Library from Massachusetts
HARWICH — There could be a 50-meter anemometer tower measuring wind speed on the grounds of Harwich High School as early as this spring. But Barry Worth, chairman of the town’s utilities and energy conservation commission, told selectmen they will need to sign off on a property loan agreement for the tower beforehand.
BOSTON --A statewide coalition including business, labor and energy industry interests has formed in response to worries about rising energy prices and the prospect of electricity shortages in New England.
There's more to determining the value of wind power than knowing which way the wind blows -- or even how hard. MIT researchers studying winds off the Northeast coast have found that estimating the potential environmental benefits from wind and other renewables requires a detailed understanding of the dynamics of both renewable resources and conventional power generation.
MATTAPOISETT -- Although the tower anchors were hammered into the ground weeks ago, the town will hold a public hearing about its proposed met tower Monday.
Last May, in a move some industry officials say contributed to her promotion to chairwoman, Judson voted against approvals for an 18-mile, mostly undersea power cable crucial to the 130-turbine Cape Wind electric generation project in Nantucket Sound, which Romney opposes.
How would you feel about a wind turbine in your community? What do you know about biomass or biodiesel? The Franklin Regional Council of Governments wants to know.
For now, towns like Falmouth and Orleans are taking their projects one step at a time and considering all their options.
The amendment to restrict placement of towers within 1.5 nautical miles of shipping traffic is a safety amendment, not a political ploy.
FLORIDA — An appeal being heard in Boston that has blocked construction of the proposed Hoosac Wind Project here was continued last week into the new year.
Nonprofit environmental group Green Berkshires, as well as a group of Florida residents, are appealing a decision made last year by the state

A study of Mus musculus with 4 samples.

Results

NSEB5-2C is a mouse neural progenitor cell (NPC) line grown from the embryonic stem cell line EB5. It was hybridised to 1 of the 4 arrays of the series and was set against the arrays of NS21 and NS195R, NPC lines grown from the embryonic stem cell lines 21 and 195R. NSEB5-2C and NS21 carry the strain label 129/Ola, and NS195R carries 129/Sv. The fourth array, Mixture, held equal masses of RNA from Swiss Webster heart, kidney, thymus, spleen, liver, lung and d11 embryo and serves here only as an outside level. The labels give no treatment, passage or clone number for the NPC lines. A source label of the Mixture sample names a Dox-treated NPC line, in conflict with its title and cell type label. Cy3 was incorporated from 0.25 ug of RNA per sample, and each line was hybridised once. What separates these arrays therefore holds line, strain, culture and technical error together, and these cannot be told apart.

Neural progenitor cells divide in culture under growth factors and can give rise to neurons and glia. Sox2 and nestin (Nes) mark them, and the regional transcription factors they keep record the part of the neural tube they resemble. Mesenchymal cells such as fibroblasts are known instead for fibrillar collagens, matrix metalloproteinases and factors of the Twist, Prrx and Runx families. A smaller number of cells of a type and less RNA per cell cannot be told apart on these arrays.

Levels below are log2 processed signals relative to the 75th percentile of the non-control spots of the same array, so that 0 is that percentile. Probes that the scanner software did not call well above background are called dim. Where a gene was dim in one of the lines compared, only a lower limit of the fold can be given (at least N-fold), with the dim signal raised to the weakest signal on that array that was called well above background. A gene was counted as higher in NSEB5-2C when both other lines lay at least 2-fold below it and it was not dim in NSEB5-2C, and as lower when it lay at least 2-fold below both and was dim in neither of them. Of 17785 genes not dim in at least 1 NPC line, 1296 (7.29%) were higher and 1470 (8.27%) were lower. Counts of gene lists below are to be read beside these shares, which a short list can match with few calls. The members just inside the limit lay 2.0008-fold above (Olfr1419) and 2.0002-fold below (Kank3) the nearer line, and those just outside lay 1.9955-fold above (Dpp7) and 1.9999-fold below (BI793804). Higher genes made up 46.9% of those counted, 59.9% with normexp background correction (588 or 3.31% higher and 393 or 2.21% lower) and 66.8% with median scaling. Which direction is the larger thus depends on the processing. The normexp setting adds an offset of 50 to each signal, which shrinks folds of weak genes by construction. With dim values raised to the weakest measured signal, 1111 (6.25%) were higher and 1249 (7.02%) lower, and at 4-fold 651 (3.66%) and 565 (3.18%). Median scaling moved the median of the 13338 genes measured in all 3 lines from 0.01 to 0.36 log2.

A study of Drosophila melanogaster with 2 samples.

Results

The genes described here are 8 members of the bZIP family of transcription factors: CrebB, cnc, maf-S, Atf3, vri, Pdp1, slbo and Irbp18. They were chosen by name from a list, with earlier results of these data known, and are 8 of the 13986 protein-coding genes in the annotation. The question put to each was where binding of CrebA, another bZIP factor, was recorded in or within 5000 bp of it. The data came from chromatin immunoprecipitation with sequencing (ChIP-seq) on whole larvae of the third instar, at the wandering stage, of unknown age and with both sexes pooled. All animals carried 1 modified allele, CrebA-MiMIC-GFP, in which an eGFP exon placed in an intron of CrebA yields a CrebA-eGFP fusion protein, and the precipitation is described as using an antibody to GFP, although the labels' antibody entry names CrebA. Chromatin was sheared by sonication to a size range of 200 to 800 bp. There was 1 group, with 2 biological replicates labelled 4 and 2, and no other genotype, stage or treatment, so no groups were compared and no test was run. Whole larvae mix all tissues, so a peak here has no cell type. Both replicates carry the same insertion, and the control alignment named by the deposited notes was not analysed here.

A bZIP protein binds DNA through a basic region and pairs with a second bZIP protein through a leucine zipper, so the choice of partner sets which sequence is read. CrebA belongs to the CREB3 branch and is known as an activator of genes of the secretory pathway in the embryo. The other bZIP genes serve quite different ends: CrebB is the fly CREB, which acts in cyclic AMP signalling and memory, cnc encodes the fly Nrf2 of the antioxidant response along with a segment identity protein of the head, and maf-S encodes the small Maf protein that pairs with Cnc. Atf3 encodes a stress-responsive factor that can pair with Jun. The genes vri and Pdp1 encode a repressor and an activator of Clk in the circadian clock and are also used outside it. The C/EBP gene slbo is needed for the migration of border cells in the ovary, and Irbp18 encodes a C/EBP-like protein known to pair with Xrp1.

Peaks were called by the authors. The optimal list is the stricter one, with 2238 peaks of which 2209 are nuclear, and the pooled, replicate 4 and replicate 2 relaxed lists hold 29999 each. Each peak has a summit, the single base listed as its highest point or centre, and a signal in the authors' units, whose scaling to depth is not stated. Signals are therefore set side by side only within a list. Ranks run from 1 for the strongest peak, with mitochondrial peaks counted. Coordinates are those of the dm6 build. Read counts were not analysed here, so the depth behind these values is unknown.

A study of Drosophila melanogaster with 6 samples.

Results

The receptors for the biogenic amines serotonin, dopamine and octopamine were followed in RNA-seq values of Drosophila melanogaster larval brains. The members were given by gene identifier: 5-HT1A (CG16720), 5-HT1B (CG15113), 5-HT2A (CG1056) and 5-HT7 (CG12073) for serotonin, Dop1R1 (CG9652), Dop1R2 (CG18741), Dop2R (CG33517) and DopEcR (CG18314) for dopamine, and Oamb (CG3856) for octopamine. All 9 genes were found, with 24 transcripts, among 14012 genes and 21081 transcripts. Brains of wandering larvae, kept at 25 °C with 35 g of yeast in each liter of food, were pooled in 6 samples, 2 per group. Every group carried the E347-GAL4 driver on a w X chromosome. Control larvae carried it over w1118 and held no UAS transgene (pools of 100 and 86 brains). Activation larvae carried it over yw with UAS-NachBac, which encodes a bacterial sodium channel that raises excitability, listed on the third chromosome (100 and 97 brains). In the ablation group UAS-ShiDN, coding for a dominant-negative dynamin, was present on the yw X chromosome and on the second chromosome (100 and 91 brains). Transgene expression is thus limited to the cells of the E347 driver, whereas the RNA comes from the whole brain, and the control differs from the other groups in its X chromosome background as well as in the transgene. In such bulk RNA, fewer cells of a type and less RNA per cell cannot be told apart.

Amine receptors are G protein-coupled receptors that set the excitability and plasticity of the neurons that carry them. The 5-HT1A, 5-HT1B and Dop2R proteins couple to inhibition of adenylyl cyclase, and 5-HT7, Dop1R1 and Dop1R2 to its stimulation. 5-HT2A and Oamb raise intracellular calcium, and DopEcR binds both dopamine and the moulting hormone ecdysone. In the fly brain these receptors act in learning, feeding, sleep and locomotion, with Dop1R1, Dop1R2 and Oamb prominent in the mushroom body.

There's more to determining the value of wind power than knowing which way the wind blows -- or even how hard. MIT researchers studying winds off the Northeast coast have found that estimating the potential environmental benefits from wind and other renewables requires a detailed understanding of the dynamics of both renewable resources and conventional power generation. Data show that wind-energy facilities would generate far more electricity in winter, because that's when winds are strongest. But the need for electricity is greatest in summer, when air conditioners are going full blast.
Kennedy, an outspoken environmentalist on most earthy issues, wrote in an op-ed piece in the New York Times that the proposal by Cape Wind Associates to build 130 offshore wind turbines was nothing more than a government-subsidized industrial boondoggle.
All of us need periodically to experience wilderness to renew our spirits and reconnect ourselves to the common history of our nation, humanity and to God. The worst trap that environmentalists can fall into is the conviction that the only wilderness worth preserving is in the Rocky Mountains or Alaska. To the contrary, our most important wildernesses are those that are closest to our densest population centers, like Nantucket Sound.
After briefly wavering, Governor M. Jodi Rell of Connecticut yesterday agreed to sign onto a multistate greenhouse gas pact that Massachusetts and Rhode Island rejected Wednesday.
Massachusetts yesterday pulled out of a landmark multistate pact to reduce carbon dioxide emissions from Northeast power plants, Governor Mitt Romney confirmed last night. Rhode Island also dropped out of the pact, according to two government officials involved in the negotiations.
A plan to build what could become the first large offshore wind farm in the United States would be effectively killed by a proposed amendment to a Coast Guard budget bill now making its way through Congress, people on both sides of the issue say
Unless Massachusetts residents take on the challenge, they will see millions of dollars transferred from their pockets through higher prices for electricity and taxes to the pockets of companies that own wind farms. Billions of capital investment dollars will be spent on projects that produce tiny amounts of electricity, electricity that is unreliable and low in quality and value.
These examples show that offshore wind technology is advancing so rapidly that sacrificing Nantucket Sound for a project like the one currently being proposed is shortsighted. In the near future, the public could get the same benefits from building an offshore wind plant farther out to sea with far fewer negative impacts, and at the same time avoid being saddled with what may well become an obsolete technology.
In yet another congressional maneuver that could kill a wind farm proposed off Cape Cod, a conference committee is considering language that would prohibit wind turbines within 1.5 miles of shipping and ferry lanes.
Which comes first, a set of guidelines or a specific review? That's the latest question being asked in the saga of a proposed wind farm on Nantucket Sound.